Alcohol industry in quandary over web marketing

The alcohol industry’s hangover seems only to get worse and worse. If it isn’t critics demanding a crackdown on sales promos, it’s doctors saying they shouldn’t be advertising at all. And in the online sphere, drinks brands may find little sanctuary in their own websites.

Camille Alarcon

The British Medical Association’s (BMA) demand this week that alcohol brands be banned from any kind of advertising, as well as from sponsoring sports and music events, had many either cheering in support or crying foul from many corners of society and industry.

While the BMA’s demands are unlikely to go further than the paper its report was published on, it does highlight another on- going investigation being conducted in the area of marketing communications.

The Digital Media Group is currently in discussions with a number of industry sectors to determine whether the Advertising Standards Authority should widen its remit to oversee the regulation of marcomms content on company websites.

For alcohol companies, the whipping boy of many lobbyists, there is a fear that there is not enough being done to regulate the content they feature on their sites.

The alcohol industry body Portman Group argues that there is already strict controls on this issue through its Code of Practice. While the ASA regulates all advertising complaints, the Portman Group regulates all forms of drinks producer marketing activity, including naming, packaging, sponsorship and websites.

Michael Thompson, Portman Group head of communications and external affairs says 70 products have been pulled from retailers’ shelves as a result of drinks companies failing to comply with their rulings on such issues.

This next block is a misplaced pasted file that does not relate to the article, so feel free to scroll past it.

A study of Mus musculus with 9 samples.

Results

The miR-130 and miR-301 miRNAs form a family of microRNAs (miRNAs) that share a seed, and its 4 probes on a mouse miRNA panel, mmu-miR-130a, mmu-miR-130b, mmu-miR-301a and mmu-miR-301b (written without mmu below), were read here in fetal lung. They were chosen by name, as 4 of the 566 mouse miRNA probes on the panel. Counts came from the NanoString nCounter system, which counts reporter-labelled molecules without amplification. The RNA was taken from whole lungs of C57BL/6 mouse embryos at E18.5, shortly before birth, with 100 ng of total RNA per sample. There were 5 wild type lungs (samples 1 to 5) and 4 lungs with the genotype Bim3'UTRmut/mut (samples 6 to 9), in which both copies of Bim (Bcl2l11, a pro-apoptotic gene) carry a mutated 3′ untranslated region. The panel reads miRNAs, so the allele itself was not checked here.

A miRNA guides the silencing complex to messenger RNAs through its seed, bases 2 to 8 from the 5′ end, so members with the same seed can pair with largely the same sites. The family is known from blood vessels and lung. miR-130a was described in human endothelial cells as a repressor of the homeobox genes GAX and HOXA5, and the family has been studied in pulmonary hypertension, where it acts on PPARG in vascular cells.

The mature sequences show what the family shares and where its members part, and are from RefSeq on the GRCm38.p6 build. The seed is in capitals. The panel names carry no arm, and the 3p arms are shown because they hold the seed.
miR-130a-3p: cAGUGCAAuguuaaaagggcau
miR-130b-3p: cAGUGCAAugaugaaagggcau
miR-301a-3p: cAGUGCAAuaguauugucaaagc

But is this enough? Do enough consumers know exactly where to go to lodge such complaints? The ASA already regulates advertising, why not simply make it the one-stop shop for all marcomms issues?

Thompson concedes that depending on the recommendations due to be released by the Digital Media Group, it would not be altogether adverse to allowing the ASA to take on greater regulatory responsibility if it were to be in the best interests of consumers.

But company websites are only one online avenue marketers use to push their brands – the growing popularity of Twitter is but one example of the wider social media phenomenon that is unfolding.

Marketing Communication Consultants Association managing director, Scott Knox, says the current debate about alcohol advertising needs to be broadened, in particular when considering the “digital minefield”.

“There is so much content out there that can’t be regulated. If the government and bodies such as the BMA want to look at making the internet more regulated then they need to stop being so naive and stop making knee jerk reactions. A far wider approach needs to be taken on aspects of online and it needs to be a more collaborative approach,” Knox says.

For the Portman Group this means drawing up a new set of guidelines around digital marketing, from brand websites, to Bluetooth, to the use of social media. This is surely a step in the right direction, but in reality it is unlikely to be enough to placate the alcohol industry’s detractors.